One day, while Jesus was speaking on the west side of the Sea of Galilee, a desperate man approached him through the crowd. Jairus was a lay leader of the synagogue, probably in Capernaum. His only daughter, just 12 years old, was at the point of death. But, he implored, falling down at the Savior's feet, if Jesus would only come and lay his hand upon her, he knew that she would live. So Jesus, who (as Jewish custom prescribed) had been sitting while teaching, stood up and, with his disciples, followed the worried father.

But so did the crowd. And they, too, were needy. It was a slow procession, and before they had gone very far, others from Jairus' house met them. His daughter, they told him, was dead. There was no point in troubling "the Master" any further.

"Be not afraid," Jesus responded, in his first recorded words to Jairus, "only believe." "She shall be made whole."

So, taking only Peter, James and John with him, he continued to walk toward the house where the girl lay. When he arrived, however, he found mourners weeping and wailing in ancient Middle Eastern fashion, and heard the sorrowful music of flutes. Why, he asked them, were they making so much noise? The young girl wasn't dead. She was merely asleep.

At this, though, all three synoptic gospels — the story is told in Matthew 9, Mark 5 and Luke 8 — record that "they laughed him to scorn." They knew the difference between sleep and death.

But he sent them all out, and taking no one but his three disciples and the girl's parents into the house, he entered the room where she lay dead. Taking her by the hand and speaking in the familiar Aramaic language, he said to her "Talitha koum!" ("Little girl, get up!"). "And her spirit came again," records the physician Luke. She immediately stood up and walked, and Jesus told them to give her something to eat. He also told them to tell nobody what had happened. But the secret was impossible to keep, and Matthew says that the entire region soon knew what had been done.

Carl Bloch's 1863 oil painting "The Daughter of Jairus," which has been on display at Brigham Young University's Museum of Art (after May 7, it will return to the Statens Museum for Kunst in Copenhagen), memorably captures an important moment in the story.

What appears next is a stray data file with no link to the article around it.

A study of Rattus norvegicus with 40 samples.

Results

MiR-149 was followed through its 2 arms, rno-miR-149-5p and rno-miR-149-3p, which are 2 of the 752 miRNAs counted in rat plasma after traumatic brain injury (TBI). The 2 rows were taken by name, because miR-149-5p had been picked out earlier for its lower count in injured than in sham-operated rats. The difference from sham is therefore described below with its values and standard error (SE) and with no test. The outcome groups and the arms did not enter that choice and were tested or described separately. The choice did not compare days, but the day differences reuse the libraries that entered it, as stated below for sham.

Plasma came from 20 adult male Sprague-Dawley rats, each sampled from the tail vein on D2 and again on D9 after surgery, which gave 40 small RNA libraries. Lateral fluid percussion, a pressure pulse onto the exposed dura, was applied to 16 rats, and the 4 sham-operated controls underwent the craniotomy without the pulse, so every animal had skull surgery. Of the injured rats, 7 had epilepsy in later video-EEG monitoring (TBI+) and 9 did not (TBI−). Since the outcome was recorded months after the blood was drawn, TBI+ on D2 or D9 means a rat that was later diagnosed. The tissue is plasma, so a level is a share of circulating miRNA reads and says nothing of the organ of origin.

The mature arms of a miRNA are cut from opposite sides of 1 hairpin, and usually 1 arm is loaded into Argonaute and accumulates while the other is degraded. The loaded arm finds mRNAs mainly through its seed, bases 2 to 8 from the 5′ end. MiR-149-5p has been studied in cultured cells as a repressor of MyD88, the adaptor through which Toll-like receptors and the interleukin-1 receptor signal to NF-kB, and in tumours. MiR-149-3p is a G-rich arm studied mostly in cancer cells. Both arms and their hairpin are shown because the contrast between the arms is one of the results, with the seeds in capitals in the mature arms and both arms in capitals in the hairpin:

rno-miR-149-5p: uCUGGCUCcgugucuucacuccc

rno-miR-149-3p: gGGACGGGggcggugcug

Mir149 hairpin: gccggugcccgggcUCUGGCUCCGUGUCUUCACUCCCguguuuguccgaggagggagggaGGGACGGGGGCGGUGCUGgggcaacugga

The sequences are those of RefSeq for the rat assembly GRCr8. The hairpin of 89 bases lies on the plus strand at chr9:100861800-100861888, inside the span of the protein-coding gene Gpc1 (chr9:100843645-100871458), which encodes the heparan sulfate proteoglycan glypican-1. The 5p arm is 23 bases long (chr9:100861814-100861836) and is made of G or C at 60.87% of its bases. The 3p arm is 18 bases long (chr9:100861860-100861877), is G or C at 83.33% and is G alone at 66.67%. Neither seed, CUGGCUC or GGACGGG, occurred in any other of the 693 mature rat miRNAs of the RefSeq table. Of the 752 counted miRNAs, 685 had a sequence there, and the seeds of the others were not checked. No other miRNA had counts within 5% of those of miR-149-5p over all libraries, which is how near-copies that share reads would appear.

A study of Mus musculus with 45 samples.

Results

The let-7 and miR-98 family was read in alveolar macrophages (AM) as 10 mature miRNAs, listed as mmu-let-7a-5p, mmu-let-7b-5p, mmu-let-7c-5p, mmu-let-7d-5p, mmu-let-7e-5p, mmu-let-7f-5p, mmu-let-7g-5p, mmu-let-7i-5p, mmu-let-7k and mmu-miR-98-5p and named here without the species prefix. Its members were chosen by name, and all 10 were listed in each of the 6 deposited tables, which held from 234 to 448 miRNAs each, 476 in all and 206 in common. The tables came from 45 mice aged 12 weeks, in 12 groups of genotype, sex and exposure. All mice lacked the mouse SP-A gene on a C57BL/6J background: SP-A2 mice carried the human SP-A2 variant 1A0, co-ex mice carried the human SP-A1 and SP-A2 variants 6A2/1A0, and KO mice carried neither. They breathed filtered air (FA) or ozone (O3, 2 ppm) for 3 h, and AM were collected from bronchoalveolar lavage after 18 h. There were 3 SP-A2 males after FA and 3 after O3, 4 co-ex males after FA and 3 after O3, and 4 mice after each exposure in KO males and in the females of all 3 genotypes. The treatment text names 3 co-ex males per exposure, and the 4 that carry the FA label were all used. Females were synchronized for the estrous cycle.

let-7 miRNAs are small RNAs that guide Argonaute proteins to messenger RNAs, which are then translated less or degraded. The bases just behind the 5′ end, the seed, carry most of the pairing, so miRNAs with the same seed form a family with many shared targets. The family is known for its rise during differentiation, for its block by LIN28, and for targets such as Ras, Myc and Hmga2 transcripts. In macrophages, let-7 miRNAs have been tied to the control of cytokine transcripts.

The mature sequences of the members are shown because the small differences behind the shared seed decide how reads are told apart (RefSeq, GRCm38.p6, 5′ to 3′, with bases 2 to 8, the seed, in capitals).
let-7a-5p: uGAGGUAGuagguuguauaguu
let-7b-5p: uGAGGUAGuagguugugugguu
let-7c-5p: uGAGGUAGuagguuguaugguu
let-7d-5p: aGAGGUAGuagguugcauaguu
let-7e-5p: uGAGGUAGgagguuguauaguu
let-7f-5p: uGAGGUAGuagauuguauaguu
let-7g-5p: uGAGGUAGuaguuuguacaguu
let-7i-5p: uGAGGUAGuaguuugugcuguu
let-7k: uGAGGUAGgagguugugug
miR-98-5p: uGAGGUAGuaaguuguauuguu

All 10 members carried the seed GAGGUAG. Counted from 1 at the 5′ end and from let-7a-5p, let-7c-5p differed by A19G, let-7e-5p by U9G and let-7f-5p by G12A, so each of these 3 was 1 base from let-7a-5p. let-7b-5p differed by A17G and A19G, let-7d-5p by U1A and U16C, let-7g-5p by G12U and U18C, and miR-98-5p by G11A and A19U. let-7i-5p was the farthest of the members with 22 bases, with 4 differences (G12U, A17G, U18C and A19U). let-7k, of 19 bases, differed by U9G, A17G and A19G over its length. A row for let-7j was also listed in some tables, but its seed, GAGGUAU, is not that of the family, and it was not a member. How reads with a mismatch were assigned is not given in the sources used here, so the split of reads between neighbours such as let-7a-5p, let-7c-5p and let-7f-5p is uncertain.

Rather than depicting the joy of the young girl's healing, Bloch shows the time of perhaps deepest despair.

The girl's body lies upon a bed in a well-appointed room befitting a prosperous family. A lamp, set behind a curtain to the viewer's left, offers no comfort, but serves only to emphasize the bloodless pallor of her face, arm and hand. This deathly white contrasts starkly with the warm, living flesh of her grieving mother, who sits on the bed by the girl's leg, a tear running down her face. She leans forward, gazing intensely, yearningly, at her daughter, virtually willing her to live again.

But mere human willing can accomplish nothing against death.

However, in the background, in the dark upper right of the painting, Jesus, with two of his disciples, is just entering into the room. A man, probably Jairus, kneels to kiss his hand. The mother, intent upon her dead daughter, is unaware of the visitors. For her, as too often for us, "The light shineth in darkness, and the darkness comprehendeth it not."

On this occasion, though, it could be said of Capernaum as it has been said of Bethlehem, that "in thy dark streets shineth the everlasting Light; the hopes and fears of all the years are met in thee tonight."

For, behind Jesus, the first light of dawn has begun to appear. The morning star shines above the dark figures of the Savior and his apostles in the still-night sky.

The prosperity of Jairus, this ruler of the local synagogue, was unable to save his daughter. The fine furnishings in the room could not save her. The humanly created light of the lamp only emphasized the awful fact that she was dead. The divine light, entering upon them, would introduce the awe-inspiring fact of renewed life, and of a family made whole again after seemingly irreparable loss.